2019 Artist Enemy Countdown #4: Prof David Kaye UN Special Rapporteur Human Rights


Nah.  Just kidding.   The dude mostly sits in his cushy offices at UC Irvine in Orange County California scolding first world countries with robust free speech protections like Canada and the EU for proposing modest improvements to copyright protection regimes on internet platforms.  As a result Kaye is protecting internet monopolies from having to pay artists. What an idiot.

Q. Best way to repress/discourage freedom of expression?

A.  Defund it.

You can tell this guy never spent any time living in the real world working for a living. You think he’s ever considered market forces and free expression?  Nah, that would require venturing outside of his academic bubble into the real world.

But even more disturbing, while Jamal Khashoggi was being dismembered the UN Special Rapporteur was largely devoting his energies to undermining Article 13 of the EU Copyright Directive by falsely claiming that Article 13 is a four alarm free expression emergency.  It violates the UN Human Rights Declaration!!!!

It does no such thing and Professor Kaye knows it.

As we detailed on this blog previously David Kaye has written virtually identical screeds (one to Canada one to the EU) to support his highly questionable views that forcing trillion dollar internet companies to do a better job protecting authors from copyright infringement is a violation of the Universal Declaration of Human Rights.  Kaye supports his argument by disingenuously  switching (in footnote citations) between elements of Article 19 of the Universal Declaration of Human Rights, and then things that are not in the real Article 19 but from a private foundation that has the similar name Article19.org.  Footnote formatting rules make it almost impossible for non lawyers to tell the difference between the two.  We earlier called this “academic phishing” as it relies on mistaking on official document for another similarly named document of questionable provenance.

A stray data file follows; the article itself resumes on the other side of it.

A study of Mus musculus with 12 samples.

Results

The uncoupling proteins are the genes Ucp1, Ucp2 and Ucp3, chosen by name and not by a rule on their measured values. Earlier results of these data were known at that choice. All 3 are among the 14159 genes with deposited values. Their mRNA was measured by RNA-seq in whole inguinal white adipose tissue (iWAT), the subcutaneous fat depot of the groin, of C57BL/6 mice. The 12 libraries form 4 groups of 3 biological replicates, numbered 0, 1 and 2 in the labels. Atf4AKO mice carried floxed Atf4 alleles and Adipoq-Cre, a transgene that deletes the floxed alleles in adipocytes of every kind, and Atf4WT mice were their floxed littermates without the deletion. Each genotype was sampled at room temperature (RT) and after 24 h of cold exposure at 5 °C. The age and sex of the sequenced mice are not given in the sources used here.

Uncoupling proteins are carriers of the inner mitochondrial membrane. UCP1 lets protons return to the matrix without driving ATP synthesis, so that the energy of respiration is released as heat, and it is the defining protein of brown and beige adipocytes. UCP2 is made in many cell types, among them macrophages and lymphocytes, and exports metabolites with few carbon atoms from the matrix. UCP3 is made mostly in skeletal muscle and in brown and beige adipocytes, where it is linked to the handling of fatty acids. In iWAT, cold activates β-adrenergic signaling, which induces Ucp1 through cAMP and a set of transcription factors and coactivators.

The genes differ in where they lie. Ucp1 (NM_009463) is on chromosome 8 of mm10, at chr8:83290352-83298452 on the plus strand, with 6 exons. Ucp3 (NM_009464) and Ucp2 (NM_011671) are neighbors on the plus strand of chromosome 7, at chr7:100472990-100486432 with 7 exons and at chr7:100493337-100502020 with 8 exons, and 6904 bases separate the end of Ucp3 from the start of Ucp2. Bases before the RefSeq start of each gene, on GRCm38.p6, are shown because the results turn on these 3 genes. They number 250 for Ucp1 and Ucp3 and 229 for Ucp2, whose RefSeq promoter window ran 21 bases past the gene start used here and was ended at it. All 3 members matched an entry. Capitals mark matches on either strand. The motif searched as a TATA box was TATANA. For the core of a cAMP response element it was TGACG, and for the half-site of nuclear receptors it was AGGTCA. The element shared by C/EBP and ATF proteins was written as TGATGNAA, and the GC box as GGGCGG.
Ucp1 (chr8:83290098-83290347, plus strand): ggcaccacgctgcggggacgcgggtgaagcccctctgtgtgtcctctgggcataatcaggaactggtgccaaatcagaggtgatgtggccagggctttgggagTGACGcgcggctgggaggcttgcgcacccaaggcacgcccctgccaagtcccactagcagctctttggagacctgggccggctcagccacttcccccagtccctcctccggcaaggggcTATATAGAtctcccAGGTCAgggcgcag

Kaye also supports his arguments by citing something called the Manilla Principles. A binding international treaty right?

Nah.  It’s just a private document created by a group of NGOs, many funded by Google and Open Society Foundations; and others that don’t seem to exist at all. The Internet Research Agency is likely impressed.

If you haven’t grasped the level of fuckery here take a moment to think about it. This  would be like the stagehands at the Aladdin Theatre in Portland (writing from backstage right now) producing a document called The Portland Principles that among other thing gives stagehands “the right to leave burning bags of canine feces on doorsteps of corrupt UN Special Rapporteurs.”   When confronted by authorities they would simply claim The Portland Principles gave them the right.

The whole sad David Kaye saga is chronicled here.

Not going out on a limb here by saying David Kaye willfully misleads the reader into thinking Universal Declaration of Human Rights says things it doesn’t. This is a gross violation of his obligation as a special rapporteur; academic and as a decent human being.   Why does this guy still have a job?

Ladies and gentleman I give you 2019 Artist Enemy #4: UN Human Rights Rapporteur David Kaye.  Congrats professor.  Now go work for Google.

(See former UNHRC Rapporteur Frank La Rue https://archive.google.com/advisorycouncil/ )

About Dr. David C Lowery

Platinum selling singer songwriter for the bands Cracker and Camper Van Beethoven; platinum selling producer; founder of pitch-a-tent records; founder Sound of Music Studios; platinum selling music publisher; angel investor; digital skeptic; college lecturer and founder of the University of Georgia Terry College Artists' Rights Symposium.